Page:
Successful micromobility programs require long-term relationships, integration with public transit and limited service operators, said panelists during a webinar last week hosted by the Eno Center for Transportation.
Cary Bearn, senior program manager of biking at the National Association of City Transportation Officials, said that over the past decade, shared mobility evolved from relatively simple bike-share programs into multimodal programs involving professional partnerships between cities and contractors.
Today, local governments are thinking more about which populations and neighborhoods they want to provide service to and how to regulate it to ensure micromobility services are viable and equitable, she said. Cities are increasingly working on more collaborative, long-term operating agreements that are flexible but hold operators to a high standard, Bearn said. They’re also building dedicated micromobility infrastructure to ensure that people can travel safely and conveniently, she said.
Melinda Hanson, founder of Brightside, an urban transit consulting firm, said greater collaboration among operators and local governments became necessary as the market matured since micromobility often works best when just a few service providers work closely with local officials.
“Every company I'm familiar with has gotten much more professional in their operations and cooperation with cities,” she said. “It went from 'do whatever you want' to hiring professional folks who really understand policies and transportation systems and how to integrate micromobilty with public transit.”
Joshua Johnson, Lyft’s senior manager for transit, bikes and scooters policy, said that partnerships must be long-term for micromobility to succeed. Short-term arrangements, such as a one-year pilot program, won’t create the infrastructure necessary to encourage service operators to invest or turn casual riders into regular ones, he added.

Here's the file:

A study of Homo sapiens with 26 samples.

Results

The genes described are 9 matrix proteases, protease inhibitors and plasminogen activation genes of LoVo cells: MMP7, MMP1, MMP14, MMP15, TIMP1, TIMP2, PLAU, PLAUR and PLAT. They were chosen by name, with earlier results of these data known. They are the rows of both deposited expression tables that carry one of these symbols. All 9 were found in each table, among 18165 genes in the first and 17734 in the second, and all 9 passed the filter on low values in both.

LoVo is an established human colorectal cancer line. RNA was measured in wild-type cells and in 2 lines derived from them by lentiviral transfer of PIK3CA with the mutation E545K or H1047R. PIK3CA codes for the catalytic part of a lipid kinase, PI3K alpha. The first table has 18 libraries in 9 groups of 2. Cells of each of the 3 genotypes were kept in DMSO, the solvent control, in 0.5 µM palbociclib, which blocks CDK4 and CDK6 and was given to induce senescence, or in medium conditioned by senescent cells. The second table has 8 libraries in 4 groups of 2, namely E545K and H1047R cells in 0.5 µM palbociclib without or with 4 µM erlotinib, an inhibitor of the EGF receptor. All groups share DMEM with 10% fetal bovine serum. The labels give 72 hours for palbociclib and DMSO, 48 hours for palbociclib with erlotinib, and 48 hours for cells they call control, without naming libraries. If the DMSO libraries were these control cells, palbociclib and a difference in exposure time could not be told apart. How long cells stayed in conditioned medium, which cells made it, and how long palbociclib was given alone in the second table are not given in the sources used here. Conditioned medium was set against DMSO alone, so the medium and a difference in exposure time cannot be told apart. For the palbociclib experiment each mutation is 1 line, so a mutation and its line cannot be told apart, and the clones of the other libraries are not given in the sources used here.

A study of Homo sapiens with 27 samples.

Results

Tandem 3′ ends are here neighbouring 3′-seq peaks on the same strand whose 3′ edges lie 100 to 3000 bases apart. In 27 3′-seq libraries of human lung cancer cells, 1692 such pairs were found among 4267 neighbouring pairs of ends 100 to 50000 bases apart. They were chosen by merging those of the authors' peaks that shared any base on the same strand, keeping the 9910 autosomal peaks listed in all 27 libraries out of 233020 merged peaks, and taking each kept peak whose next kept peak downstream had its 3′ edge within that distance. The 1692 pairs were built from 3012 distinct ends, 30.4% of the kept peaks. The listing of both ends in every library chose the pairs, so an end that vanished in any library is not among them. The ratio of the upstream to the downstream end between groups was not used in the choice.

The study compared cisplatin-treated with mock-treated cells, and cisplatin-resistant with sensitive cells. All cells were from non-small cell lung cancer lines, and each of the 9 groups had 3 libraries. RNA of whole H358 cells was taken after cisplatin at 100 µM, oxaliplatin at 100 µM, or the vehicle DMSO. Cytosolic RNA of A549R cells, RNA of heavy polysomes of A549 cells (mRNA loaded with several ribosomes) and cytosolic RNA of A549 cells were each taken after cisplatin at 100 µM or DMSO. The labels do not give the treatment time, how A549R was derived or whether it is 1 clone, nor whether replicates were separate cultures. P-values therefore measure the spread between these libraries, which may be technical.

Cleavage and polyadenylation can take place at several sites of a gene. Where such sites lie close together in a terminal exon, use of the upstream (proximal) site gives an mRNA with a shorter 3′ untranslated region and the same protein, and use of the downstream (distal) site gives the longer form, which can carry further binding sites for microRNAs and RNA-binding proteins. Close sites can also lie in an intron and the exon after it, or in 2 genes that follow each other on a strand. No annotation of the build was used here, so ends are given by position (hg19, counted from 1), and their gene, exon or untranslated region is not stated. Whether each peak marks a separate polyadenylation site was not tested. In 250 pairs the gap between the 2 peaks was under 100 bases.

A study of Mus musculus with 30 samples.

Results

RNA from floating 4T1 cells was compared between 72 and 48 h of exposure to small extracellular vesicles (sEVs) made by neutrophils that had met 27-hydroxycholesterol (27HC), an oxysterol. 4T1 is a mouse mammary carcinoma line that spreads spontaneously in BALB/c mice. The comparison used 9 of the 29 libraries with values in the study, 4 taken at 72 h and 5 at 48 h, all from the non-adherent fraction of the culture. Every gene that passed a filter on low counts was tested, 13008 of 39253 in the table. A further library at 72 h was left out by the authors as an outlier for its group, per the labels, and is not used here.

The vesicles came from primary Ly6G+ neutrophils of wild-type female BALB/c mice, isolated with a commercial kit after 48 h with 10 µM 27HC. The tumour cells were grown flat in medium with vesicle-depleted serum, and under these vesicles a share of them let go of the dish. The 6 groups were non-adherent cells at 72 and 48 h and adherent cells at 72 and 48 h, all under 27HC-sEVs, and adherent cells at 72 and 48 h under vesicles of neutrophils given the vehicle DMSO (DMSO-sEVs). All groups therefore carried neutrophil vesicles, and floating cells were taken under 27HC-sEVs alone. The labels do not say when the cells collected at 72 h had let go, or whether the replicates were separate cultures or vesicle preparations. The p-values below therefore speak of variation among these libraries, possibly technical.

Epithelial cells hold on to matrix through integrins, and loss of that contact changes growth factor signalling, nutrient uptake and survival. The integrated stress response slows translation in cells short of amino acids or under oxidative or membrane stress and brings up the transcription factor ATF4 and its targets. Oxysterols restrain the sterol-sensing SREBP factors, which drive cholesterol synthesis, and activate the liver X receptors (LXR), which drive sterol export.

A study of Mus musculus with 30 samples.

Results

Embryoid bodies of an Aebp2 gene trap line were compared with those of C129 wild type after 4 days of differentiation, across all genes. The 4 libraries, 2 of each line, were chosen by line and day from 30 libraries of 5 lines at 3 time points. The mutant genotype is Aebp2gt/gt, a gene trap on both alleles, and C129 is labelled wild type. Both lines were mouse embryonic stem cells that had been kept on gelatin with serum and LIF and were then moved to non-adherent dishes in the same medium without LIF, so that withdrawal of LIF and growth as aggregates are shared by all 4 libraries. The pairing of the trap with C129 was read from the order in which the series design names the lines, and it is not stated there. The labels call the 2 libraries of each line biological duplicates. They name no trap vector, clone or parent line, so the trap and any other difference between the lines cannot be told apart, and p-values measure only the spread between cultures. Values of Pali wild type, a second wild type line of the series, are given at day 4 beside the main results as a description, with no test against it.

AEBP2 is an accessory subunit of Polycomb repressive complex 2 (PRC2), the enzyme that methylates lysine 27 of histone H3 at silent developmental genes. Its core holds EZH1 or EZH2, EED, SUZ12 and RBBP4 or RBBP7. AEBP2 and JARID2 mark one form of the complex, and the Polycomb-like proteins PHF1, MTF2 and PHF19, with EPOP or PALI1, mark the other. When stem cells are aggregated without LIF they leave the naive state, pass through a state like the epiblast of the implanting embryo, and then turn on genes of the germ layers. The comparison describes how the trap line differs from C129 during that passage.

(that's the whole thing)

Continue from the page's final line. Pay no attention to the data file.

“Long-term contracts are really important to us,” Johnson said.
He said that such commitments might become more important as micromobility ridership recovers to pre-COVID-19 pandemic levels and people shift their travel behavior. With more people relying on micromobility for daily transportation and working from home, micromobility service operators and cities are adjusting their operations and infrastructure investments. For instance, micromobility companies are offering memberships to riders to encourage them to use their services more often, and many new docking stations for bikes are located along bike trails and in parks, he said.
As more people return to the office, micromobility ridership has increased during typical commuting hours, Johnson said. That’s helped drive membership growth.
“Members take 10 times as many rides as the casual rider,” he said.
Hanson said that the shift from bikes to scooters has also helped micromobility grow, which surprised some people. “Electric scooters attracted a whole new group of people who never took bikeshare before,” she said.
Johnson added that “nearly half of [Lyft’s] bike and scooter members who have a car use it less” because they can ride a bike or scooter, suggesting that more space and subsidies should be dedicated to micromobility.